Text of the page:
San Francisco Mayor Agrees To Avert $1.5 M in Proposed Cuts to HIV/AIDS Programs
San Francisco Mayor Gavin Newsom (D) has agreed to restore up to $1.5 million in proposed cuts to AIDS- and HIV-related services for the city's 2005-2006 budget, the mayor announced Sunday, the San Francisco Examiner reports (Eslinger, San Francisco Examiner, 6/19).
The cuts were proposed in March as part of a two-tier, cost-control plan that would reduce services for people with substance use problems, mental illnesses or HIV/AIDS. The cuts would have totaled as much as $25 million as part of an effort to help close a projected city budget deficit of $102 million (California Healthline, 3/29).
Mayoral spokesperson Jennifer Petrucione said the city's savings on workers' compensation costs made it possible to restore the funding. Newsom announced the new plan after discussion with Board of Supervisors Budget Committee Chair Tom Ammiano (Russell, San Francisco Chronicle, 6/20). Ammiano had opposed the cuts.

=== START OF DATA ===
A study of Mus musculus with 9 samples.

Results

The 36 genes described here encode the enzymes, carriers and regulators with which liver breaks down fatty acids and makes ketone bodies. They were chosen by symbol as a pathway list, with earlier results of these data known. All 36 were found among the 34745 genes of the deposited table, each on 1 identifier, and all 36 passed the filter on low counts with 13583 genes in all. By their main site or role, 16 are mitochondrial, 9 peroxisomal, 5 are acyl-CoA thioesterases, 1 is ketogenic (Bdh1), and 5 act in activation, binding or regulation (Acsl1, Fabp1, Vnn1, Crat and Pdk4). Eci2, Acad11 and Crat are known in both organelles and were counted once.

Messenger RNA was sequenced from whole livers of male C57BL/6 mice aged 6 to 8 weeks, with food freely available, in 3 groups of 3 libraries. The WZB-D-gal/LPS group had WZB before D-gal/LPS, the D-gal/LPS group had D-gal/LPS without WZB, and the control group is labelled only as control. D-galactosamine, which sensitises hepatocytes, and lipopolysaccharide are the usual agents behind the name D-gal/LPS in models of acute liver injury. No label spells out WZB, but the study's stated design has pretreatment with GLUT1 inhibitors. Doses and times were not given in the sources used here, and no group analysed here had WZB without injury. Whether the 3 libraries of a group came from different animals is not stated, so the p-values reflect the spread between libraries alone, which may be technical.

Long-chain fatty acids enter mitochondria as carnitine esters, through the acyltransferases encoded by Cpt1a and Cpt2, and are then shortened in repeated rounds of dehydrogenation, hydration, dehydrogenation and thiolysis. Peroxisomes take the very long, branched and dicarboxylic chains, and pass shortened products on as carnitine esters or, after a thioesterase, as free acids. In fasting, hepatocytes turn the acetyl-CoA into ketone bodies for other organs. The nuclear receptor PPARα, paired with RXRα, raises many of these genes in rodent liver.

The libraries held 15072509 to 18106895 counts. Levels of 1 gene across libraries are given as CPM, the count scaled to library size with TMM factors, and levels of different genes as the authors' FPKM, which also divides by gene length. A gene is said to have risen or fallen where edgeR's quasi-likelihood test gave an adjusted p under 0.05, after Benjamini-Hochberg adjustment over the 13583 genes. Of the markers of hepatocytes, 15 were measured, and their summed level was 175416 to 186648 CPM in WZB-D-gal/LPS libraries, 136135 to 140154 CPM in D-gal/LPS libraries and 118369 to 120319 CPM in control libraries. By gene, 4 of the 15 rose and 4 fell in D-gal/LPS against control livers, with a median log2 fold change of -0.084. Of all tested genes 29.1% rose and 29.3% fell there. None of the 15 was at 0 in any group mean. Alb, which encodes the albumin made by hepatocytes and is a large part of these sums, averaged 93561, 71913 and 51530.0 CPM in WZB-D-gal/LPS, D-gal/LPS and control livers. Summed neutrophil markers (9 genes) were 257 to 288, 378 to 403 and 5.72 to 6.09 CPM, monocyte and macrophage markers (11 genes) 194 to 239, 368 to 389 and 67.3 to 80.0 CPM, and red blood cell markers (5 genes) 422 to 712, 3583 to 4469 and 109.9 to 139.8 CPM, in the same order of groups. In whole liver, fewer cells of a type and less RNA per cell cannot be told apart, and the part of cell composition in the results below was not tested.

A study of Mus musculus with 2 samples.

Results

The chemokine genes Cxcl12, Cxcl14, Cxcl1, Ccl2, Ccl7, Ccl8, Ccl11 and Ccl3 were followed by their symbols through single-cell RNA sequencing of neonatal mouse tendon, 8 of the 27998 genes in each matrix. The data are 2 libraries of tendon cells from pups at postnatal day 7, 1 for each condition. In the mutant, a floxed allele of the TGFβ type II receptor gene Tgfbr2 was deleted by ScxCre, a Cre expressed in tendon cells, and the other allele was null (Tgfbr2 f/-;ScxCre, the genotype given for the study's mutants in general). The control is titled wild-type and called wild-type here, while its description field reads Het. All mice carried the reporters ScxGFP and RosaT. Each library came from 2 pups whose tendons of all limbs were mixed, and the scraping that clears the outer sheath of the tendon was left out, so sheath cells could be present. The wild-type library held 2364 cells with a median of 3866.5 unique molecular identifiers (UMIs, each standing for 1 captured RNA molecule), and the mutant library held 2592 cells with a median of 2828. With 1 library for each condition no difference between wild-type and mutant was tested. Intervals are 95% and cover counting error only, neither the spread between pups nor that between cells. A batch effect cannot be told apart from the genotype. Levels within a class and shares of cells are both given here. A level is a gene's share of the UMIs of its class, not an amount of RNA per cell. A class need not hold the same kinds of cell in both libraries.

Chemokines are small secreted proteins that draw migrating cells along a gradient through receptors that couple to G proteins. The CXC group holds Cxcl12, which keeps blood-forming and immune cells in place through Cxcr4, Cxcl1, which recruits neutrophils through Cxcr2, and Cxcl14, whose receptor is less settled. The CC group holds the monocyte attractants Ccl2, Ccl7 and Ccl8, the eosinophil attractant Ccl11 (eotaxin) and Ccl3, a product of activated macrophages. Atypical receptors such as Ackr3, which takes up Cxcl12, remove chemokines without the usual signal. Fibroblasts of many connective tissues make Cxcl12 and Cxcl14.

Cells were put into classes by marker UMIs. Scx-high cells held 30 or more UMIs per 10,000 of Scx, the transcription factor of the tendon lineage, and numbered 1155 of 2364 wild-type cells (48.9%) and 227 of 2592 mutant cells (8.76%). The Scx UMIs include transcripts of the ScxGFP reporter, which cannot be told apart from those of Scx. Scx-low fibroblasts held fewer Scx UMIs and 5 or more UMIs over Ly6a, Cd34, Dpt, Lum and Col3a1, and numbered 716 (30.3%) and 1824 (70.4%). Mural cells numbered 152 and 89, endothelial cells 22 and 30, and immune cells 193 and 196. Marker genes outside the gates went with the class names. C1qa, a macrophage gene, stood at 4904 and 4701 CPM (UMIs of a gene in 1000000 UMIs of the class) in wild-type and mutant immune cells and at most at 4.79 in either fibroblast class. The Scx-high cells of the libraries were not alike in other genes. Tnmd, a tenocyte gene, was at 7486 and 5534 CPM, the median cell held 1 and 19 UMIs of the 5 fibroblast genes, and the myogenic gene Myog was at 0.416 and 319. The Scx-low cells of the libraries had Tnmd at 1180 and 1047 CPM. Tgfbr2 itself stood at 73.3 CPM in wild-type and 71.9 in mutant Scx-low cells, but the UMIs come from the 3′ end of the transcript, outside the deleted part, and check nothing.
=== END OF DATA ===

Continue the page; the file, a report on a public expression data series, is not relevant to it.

Newsom in a statement said, "Our action to restore these funds reflects my commitment to protecting services for our city's most vulnerable residents -- especially those suffering from AIDS/HIV. Despite the fact that we face yet another historic budget deficit, I am adamant about taking every step possible and finding creative ways to fund the services that needy San Franciscans rely upon."
According to the Examiner, the mayor's move to restore the funding partly comes "in response to objections by community members as well as several supervisors" (San Francisco Examiner, 6/19).
With the reversed cuts, the city's total spending on HIV/AIDS programs is now planned to be about $57.5 million, about $4 million less than the 2004-2005 budget (San Francisco Chronicle, 6/20). According to the Examiner, the restored funding will be available to 20 organizations that provide HIV-positive patients with a variety of nonclincial services, such as case management, risk education and treatment information (San Francisco Examiner, 6/19).